Chocolate Totally Screws Up Cannabis Potency Tests - Modern Farmer

Chocolate Totally Screws Up Cannabis Potency Tests

Chocolate and cannabis are a popular pairing. Just not in a lab setting.

Photography Poring Studio on Shutterstock

With cannabis’s increasing legality, we’re discovering more and more about what’s in cannabis products.

In newly legal dispensaries, all kinds of cannabis products can be found. Many of those are edibles—designed to be eaten, rather than inhaled. One of the most common flavorings is chocolate; you can find cannabis-infused cookies, brownies, candy, and more. But new research indicates that chocolate and cannabis interact in unexpected ways.

With any mind-altering substance, be it alcohol, tobacco, or cannabis, it’s vital to have as much testing as possible to ensure that products contain exactly what they say they do, and to understand how those products will affect the consumer. Cannabis has the disadvantage of having been illegal for decades, and it’s a complex substance to begin with. So what’s the deal with this chocolate thing?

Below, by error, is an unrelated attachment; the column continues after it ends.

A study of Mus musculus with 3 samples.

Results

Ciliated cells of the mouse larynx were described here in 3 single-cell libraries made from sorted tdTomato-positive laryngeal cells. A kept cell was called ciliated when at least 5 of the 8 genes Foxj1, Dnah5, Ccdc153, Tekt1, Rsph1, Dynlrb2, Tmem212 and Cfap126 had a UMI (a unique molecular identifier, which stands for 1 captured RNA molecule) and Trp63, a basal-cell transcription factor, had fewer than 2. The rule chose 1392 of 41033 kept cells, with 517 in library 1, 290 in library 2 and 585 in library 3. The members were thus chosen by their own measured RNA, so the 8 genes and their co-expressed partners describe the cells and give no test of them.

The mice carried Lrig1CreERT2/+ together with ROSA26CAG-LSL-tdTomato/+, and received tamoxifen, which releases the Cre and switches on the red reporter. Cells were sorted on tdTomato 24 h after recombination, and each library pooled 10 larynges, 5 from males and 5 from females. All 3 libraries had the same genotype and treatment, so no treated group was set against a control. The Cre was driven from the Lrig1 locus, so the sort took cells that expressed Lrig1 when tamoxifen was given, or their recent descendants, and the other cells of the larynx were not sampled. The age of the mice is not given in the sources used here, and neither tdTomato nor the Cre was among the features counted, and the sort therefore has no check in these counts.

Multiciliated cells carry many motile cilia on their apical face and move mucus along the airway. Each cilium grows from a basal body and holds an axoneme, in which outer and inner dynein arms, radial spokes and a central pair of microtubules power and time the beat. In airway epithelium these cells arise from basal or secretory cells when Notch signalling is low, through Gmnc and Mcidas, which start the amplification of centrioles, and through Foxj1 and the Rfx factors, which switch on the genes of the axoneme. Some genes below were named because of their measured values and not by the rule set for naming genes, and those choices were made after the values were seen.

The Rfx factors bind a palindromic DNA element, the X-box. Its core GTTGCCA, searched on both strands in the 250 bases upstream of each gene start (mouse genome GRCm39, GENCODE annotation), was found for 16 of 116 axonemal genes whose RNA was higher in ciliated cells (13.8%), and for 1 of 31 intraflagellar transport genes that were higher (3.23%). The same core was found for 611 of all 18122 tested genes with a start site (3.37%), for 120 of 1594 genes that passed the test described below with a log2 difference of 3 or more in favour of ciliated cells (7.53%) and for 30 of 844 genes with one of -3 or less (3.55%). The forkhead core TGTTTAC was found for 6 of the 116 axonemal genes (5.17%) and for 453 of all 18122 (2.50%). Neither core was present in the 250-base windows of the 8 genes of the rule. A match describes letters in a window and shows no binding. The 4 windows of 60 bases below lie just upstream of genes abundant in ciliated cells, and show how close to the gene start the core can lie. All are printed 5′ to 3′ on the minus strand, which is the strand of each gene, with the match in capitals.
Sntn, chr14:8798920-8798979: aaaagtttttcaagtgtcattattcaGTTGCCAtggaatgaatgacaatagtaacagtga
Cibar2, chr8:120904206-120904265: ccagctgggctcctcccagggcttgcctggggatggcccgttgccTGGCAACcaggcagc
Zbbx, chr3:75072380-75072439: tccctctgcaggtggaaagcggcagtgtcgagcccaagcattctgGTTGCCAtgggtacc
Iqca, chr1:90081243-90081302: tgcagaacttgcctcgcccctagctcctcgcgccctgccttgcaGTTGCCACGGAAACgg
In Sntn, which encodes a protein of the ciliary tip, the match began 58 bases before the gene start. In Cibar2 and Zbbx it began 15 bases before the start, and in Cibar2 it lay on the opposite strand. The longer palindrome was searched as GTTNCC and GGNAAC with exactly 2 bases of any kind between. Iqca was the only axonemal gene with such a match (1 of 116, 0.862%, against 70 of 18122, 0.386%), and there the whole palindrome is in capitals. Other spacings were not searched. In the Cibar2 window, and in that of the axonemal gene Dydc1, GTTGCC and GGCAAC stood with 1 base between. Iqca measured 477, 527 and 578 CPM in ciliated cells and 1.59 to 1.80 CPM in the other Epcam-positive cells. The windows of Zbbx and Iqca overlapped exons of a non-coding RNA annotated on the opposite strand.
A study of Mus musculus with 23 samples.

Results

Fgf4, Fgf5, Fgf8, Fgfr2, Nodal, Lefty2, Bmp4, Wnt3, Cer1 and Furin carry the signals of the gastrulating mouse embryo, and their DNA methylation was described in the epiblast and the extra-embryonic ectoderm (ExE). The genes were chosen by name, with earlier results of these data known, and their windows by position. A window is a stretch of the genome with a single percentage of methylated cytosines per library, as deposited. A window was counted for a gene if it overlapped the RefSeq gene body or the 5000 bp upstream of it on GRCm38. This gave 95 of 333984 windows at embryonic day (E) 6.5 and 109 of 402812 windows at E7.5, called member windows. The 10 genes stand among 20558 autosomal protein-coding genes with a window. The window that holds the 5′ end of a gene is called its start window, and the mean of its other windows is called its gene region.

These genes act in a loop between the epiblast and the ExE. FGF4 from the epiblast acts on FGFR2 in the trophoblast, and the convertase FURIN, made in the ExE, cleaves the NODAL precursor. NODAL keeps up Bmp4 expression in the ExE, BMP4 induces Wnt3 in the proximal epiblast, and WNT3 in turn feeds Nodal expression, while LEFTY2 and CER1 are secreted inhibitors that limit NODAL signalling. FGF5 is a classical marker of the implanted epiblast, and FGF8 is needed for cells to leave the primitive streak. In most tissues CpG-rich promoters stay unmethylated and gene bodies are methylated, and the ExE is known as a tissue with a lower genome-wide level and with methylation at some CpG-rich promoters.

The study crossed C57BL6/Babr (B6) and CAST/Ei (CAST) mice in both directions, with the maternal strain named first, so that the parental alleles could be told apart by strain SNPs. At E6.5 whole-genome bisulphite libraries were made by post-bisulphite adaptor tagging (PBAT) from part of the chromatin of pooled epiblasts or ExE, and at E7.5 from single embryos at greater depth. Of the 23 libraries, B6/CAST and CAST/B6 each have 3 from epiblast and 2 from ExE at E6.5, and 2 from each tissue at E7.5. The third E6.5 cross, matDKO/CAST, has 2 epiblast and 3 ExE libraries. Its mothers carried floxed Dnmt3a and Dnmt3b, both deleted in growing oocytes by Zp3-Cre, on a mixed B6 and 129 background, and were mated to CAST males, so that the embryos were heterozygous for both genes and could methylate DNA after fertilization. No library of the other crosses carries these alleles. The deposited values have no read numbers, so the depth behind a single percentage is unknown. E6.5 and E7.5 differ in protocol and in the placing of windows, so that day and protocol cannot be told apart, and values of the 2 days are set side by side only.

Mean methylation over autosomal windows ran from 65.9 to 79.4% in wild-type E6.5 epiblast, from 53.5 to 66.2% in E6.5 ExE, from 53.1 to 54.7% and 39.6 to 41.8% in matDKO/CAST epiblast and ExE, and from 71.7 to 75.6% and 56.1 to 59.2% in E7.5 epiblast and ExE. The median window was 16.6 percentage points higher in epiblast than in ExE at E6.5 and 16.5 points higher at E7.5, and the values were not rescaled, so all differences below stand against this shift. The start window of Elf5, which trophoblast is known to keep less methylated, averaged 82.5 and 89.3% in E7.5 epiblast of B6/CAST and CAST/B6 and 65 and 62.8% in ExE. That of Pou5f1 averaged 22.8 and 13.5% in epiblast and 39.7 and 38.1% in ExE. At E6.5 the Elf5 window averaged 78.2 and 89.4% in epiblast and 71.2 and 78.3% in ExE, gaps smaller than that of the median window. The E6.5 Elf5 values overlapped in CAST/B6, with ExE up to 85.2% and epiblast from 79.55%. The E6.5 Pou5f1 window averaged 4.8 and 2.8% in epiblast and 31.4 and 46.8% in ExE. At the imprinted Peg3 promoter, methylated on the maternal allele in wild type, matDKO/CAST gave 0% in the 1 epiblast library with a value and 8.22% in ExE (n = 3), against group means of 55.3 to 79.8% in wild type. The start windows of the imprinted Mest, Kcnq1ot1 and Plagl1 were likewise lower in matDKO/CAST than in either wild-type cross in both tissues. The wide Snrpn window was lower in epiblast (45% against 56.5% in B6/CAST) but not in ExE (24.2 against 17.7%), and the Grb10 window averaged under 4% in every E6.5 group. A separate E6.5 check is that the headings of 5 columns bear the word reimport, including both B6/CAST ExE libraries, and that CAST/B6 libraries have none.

David Dawson, a researcher at cannabis testing firm CW Analytical Laboratories, conducted a study on the ways chocolate can affect cannabis testing. Dawson plans to present his full findings at a meeting of the American Chemical Society this fall, but he released some information indicating that chocolate may have some strange interactions with cannabis.

For example, he found that smaller sample sizes showed more precise readings of the level of THC—the main psychoactive substance in cannabis—than larger sample sizes. This is very weird! Typically, the larger the sample, the more accurate the test. But not here, apparently. That testing is vital; Dawson points out that California cannabis laws require some degree of accuracy. If a product, says Dawson, has a minimum of 10 percent less THC than advertised, the product label must be updated; if it has a minimum of 10 percent more THC than advertised, the entire batch has to be destroyed.

When the full study comes out, we’ll have more information on what exactly Dawson has discovered. But hopefully this will also serve as a data point, and an encouragement, in the very difficult task of learning more about how cannabis affects the human body.